Home-based tele-mental health benefits Veterans

Dr. Egede in his office

Leonard E. Egede, M.D., is a VA researcher heading the investigation at Charleston VAMC; he is also director of the MUSC Center for Health Disparities.

By Special to the Ralph H. Johnson VA Medical Center
Monday, January 2, 2017

Home-based tele-mental health care for depression is well received by patients and delivers as good a quality of life as in-person visits, according to the results of a clinical trial in 241 depressed elderly Veterans reported in the Journal of Clinical Psychiatry by investigators at the Ralph H. Johnson VA Medical Center (VAMC) and the Medical University of South Carolina.

Depression affects 10 percent of Americans and is a leading cause of disability and mortality. And yet, only an estimated 56 percent of patients with depression seek treatment. Barriers to treatment include mobility issues (especially in the elderly), transportation costs, missed days of work, geographic isolation, and fear of the associated stigma. By overcoming some of those barriers, tele-mental health could improve access to care for these patients.

“This is the largest randomized clinical trial to date examining whether differences exist in patient perceptions, satisfaction, therapeutic alliance, and quality of life between tele-mental health and same-room care,” said VA Investigator Leonard E. Egede, M.D., who is also director of the MUSC Center for Health Disparities.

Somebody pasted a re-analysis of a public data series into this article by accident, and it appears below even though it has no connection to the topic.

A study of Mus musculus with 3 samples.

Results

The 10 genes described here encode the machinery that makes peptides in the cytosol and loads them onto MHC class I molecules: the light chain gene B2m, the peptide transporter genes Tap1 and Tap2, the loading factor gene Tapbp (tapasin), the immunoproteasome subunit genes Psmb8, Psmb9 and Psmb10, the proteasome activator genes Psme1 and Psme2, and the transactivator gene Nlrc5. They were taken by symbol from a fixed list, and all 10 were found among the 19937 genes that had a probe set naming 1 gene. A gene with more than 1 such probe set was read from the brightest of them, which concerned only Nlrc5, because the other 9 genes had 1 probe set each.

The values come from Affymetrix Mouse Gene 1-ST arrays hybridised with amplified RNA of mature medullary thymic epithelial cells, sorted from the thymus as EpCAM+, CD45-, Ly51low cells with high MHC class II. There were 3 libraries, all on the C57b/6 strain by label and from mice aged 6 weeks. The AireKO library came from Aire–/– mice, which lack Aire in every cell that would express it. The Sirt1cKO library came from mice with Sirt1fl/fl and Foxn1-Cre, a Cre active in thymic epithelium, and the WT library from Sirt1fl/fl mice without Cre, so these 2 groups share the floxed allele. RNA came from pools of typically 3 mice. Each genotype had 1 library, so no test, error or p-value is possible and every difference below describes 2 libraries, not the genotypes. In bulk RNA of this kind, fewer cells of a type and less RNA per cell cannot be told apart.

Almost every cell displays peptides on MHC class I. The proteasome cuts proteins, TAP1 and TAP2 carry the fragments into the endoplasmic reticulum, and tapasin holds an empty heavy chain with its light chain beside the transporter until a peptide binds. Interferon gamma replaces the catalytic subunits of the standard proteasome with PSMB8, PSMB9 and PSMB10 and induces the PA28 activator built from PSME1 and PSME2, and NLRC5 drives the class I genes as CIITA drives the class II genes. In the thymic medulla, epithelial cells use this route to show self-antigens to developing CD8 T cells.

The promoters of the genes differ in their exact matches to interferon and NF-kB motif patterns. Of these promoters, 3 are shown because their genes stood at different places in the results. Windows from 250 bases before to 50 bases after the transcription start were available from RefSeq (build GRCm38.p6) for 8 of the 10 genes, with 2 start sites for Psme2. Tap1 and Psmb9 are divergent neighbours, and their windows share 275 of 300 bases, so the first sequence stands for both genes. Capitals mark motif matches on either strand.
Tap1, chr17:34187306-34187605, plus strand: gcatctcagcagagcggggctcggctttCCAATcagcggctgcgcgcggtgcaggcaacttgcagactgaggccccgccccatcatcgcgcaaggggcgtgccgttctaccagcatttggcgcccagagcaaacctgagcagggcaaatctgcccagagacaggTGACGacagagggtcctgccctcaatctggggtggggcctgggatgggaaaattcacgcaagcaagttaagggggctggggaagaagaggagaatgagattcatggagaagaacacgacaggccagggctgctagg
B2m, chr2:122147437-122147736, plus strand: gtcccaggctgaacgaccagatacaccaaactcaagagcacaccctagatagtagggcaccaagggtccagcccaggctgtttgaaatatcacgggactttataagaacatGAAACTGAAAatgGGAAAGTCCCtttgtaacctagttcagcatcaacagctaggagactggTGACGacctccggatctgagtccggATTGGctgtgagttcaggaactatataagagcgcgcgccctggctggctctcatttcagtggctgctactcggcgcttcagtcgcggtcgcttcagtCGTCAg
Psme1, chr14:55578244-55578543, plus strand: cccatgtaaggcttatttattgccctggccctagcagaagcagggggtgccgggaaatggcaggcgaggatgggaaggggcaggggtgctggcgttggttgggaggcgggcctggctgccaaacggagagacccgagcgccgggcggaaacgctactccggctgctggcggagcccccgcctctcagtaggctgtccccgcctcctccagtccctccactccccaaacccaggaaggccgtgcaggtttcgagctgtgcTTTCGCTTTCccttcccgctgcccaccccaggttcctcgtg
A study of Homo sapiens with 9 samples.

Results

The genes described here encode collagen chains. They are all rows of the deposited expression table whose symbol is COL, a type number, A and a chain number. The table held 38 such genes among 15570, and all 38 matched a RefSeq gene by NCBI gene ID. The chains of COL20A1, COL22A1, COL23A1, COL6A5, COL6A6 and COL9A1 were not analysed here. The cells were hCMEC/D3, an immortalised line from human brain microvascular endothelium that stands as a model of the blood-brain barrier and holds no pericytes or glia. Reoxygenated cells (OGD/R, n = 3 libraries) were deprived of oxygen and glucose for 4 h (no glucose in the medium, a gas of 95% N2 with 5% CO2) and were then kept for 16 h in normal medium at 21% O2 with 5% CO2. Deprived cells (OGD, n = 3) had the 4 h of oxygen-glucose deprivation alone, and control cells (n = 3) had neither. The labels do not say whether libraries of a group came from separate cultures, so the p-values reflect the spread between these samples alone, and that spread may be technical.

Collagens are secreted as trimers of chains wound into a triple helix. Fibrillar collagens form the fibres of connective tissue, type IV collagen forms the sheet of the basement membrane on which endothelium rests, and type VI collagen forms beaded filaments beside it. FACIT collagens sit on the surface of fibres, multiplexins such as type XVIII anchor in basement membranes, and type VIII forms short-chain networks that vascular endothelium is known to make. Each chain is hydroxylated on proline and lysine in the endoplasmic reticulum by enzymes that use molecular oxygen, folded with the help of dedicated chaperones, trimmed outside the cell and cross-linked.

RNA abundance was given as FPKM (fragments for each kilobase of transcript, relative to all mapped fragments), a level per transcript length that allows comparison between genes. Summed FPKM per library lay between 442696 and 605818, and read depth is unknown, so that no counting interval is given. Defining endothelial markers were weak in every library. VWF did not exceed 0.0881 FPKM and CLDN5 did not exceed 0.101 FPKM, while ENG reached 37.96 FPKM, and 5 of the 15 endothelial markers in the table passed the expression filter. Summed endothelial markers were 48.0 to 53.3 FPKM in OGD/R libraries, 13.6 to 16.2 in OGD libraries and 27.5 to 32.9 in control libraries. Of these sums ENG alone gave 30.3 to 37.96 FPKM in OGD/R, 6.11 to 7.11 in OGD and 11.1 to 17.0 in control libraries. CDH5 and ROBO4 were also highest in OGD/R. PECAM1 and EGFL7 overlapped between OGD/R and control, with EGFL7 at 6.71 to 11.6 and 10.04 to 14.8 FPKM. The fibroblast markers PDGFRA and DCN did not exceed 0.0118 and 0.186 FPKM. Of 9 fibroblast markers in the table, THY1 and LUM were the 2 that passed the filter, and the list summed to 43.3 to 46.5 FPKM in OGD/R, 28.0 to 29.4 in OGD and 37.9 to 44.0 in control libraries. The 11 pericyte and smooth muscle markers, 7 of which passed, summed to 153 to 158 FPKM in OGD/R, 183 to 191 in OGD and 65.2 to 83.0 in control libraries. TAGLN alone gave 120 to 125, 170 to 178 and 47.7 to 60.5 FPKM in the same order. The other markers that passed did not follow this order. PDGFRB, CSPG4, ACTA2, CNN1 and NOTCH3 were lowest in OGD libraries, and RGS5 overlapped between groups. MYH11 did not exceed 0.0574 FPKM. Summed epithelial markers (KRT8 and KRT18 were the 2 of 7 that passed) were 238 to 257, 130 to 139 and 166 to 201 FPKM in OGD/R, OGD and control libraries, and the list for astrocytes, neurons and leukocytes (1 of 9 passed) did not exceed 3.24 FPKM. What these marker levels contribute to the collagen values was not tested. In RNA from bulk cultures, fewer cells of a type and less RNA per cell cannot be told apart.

The study included male and female Veterans aged 58 years and older who met the criteria for major depressive disorder (DSM-IV). All participants received eight weeks of behavioral activation therapy and were randomly assigned to tele-mental health or in-person counseling. Behavioral activation reflects the notion that the patient's activity plays a role in how he or she feels and the goal of therapy is to reduce behaviors that promote depression.

Tele-mental health treatment sessions were delivered via in-home videoconferencing using a standard telephone line and did not require an internet connection. The 36-item Short Form Survey was used to assess quality of life and the Charleston Psychiatric Outpatient Satisfaction Scale was used to assess patient satisfaction. Scores on these scales did not differ significantly at 12-month follow-ups between Veterans who received depression care via tele-mental health and those who received in-person care.

Two previous studies conducted by Egede showed treatment response and costs for tele-mental health care are similar to those of in-person depression care. This study shows that tele-mental health also delivers similar quality of life and patient satisfaction, suggesting it is a viable alternative to in-person visits for treating elderly patients with depression.

“It is time for tele-mental health to take its rightful place alongside in-person counseling as a viable option for depression care, one that will remove many barriers to care,” Egede said.

Dr. Egede working with therapist

Dr. Egede working with a mental health provider.

This article is a special feature for The Ralph H. Johnson VA Medical Center.